Several months ago I was sitting in a coffee shop jotting down some notes to share in a counseling session with a couple who was having some challenges with their young adult children. I misplaced the notes, but rediscovered them today in a folder on my desk. Perhaps they'll have some value to someone out there.
1. First, don't say, "When we raised kids, it was a lot harder than it is today. That's not very likely, and even if it were, young couples don't need our reminiscing. They do need our empathy and encouragement.
2. Don't let every conversation be a reminder for you to tell a story that tops theirs.
3. Don't always be talking about the good old days. To be candid, they don't care. And seriously, how does that help them now?
4. Don't give long dissertations about your favorite vacations, especially after they've just talked about a trip they took.
5. Don't lecture them about finances. If they don't ask your opinion, don't give it. (This one is really hard for me!)
6. The reason you may not understand their world is probably related to the fact that you seldom ask them to help you understand it. Learn the power of asking questions.
7. Don't be close minded. To them, everything isn't black or white just because you say it is.
8. Be humble about your knowledge. Unfortunately, pride and age aging are often inseparable. Be quick to admit how much you don't know.
9. Don't try to be cool. You might be surprised to learn that most young adults don't need you to be cool; they need you to be you. When someone much older than them tries too hard to be cool, they view that as insecurity, more than anything else. They feel more pity than respect.
10. Don't try to be someone's mom or dad unless they ask you to be.
11. Treat all younger women as daughters and all younger men as sons. Few things are more pathetic than an older man who flirts with a woman half his age, or an older woman who flirts with young men.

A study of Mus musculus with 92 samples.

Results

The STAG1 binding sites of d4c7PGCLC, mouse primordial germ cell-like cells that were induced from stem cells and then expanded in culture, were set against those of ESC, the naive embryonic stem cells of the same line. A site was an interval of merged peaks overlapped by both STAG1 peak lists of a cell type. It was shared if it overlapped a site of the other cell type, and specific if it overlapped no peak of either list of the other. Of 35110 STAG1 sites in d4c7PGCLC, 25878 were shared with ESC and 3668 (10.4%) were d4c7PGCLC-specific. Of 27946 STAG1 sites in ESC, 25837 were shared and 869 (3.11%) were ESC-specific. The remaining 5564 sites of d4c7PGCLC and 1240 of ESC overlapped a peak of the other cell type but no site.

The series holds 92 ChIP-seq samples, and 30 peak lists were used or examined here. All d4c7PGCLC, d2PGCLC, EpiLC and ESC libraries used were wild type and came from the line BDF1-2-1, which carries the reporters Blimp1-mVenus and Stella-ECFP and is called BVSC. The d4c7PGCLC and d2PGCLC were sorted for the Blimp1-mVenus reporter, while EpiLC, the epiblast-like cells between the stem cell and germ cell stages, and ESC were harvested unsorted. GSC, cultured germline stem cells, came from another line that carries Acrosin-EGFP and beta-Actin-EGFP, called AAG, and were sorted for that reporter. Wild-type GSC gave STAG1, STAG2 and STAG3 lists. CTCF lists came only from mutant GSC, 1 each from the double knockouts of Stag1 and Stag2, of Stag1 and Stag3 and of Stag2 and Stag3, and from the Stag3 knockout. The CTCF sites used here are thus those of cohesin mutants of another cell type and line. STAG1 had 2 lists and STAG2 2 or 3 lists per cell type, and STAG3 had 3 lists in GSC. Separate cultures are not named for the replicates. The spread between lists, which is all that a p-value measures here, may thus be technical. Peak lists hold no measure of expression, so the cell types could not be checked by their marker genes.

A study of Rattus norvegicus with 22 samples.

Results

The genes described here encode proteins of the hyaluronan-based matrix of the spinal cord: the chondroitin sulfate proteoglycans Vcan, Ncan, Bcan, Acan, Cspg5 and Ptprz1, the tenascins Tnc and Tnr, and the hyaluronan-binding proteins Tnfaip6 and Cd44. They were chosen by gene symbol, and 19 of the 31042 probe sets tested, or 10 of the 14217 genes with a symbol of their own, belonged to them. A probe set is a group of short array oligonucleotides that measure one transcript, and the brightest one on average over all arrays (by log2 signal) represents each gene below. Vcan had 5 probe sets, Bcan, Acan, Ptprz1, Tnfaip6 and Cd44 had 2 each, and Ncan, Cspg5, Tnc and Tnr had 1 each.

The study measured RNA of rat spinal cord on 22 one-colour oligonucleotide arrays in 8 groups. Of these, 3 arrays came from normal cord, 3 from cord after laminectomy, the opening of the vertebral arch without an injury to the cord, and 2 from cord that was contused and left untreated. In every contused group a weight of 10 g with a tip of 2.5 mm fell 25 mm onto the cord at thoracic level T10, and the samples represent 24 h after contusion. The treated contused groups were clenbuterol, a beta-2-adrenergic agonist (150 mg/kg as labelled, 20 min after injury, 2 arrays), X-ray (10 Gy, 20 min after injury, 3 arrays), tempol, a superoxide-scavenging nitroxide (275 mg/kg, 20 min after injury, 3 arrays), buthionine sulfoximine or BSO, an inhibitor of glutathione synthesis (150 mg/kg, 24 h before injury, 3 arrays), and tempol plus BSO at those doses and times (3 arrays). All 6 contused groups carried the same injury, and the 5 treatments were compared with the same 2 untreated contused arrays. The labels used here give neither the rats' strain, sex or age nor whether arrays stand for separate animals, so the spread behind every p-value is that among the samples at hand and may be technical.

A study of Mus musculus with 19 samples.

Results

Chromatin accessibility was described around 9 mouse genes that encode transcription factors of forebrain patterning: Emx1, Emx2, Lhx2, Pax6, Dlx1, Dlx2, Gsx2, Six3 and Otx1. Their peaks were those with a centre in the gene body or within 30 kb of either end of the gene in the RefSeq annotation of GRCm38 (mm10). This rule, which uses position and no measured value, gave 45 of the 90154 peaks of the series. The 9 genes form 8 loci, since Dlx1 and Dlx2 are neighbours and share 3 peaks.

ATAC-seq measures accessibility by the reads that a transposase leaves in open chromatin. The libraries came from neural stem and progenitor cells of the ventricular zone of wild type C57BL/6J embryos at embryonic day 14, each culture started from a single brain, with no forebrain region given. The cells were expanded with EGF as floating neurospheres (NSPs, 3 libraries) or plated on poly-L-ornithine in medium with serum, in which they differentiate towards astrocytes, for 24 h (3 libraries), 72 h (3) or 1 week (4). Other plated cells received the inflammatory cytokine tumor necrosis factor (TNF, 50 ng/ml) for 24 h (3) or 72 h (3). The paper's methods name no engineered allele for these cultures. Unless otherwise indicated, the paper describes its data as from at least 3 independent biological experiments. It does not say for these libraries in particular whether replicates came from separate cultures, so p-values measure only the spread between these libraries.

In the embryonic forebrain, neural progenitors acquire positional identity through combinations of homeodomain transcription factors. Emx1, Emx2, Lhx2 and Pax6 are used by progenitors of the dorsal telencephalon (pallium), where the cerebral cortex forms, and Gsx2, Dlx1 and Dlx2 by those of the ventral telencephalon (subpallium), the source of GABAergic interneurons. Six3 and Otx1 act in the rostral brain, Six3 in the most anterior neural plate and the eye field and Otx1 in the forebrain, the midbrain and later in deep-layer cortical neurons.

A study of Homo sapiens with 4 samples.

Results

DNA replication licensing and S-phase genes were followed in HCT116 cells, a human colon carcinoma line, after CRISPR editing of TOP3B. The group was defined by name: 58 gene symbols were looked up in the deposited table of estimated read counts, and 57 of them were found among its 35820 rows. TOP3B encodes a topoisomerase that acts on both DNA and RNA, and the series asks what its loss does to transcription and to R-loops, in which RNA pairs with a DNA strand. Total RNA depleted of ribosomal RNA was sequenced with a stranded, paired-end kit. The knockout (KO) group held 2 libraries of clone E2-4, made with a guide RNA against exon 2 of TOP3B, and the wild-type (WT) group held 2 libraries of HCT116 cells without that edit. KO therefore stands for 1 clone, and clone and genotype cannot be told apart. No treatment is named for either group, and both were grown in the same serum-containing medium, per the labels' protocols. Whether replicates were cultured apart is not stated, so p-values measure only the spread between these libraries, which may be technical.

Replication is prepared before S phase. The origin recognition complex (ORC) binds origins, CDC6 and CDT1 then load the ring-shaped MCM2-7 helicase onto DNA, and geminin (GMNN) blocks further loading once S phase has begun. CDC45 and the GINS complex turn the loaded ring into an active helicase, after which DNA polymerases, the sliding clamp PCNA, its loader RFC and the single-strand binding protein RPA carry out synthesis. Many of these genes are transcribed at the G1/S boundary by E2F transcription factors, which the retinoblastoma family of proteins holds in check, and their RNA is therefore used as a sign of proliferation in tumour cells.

12. Don't assume younger adults want or need your advice. The reality is, they usually don't. That may be hard for you to believe, but it's true. Respect their ability to make they own decisions, even when they're not what you'd advise.
13. Be authentic. Young people can sniff out phoniness faster than than the speed of light.
14. You'll always build better relationships by listening, as opposed to lecturing.
15. Don't criticize their music. They like it whether or not you do, so what's the point?
16. Don't try to tell them repeatedly what you believe in terms of moral values. I promise you, they already know. They don't need you to rehearse it all over again. You don't need to be their personal Holy Spirit.
17. Don't treat them like they're still twelve years old. They're not.
18. Don't criticize the style of their clothes, hair, skin ink, etc. Their friends don't, so how does your criticism help?
19. Don't keep telling them they need to settle down and choose a career. They'll do that, in time, when they're ready, so save your breath.
20. Don't overreact to every "radical" thing they say. A month from now they'll probably be talking about something else.
21. Respect the fact that it's scary to grow up. It was for you too. Don't pretend otherwise.
Older adults and younger adults are kind of like porcupines trying to stay warm. We need each other, but then again, we needle each other.
Again, just some thoughts, for what they're worth. I've learned most of them the hard way, and some of them, I'm still learning.
By the way, if you're an older adult and you're not still learning, I encourage you to reverse course and get busy. At the coffee shop where I wrote this, was an 82 year-old-man. He always comes in on Thursdays, and he's always reading a new book. Apparently someone forget to tell him that he already knows everything. I'm glad. I hope I'm like him when I grow up.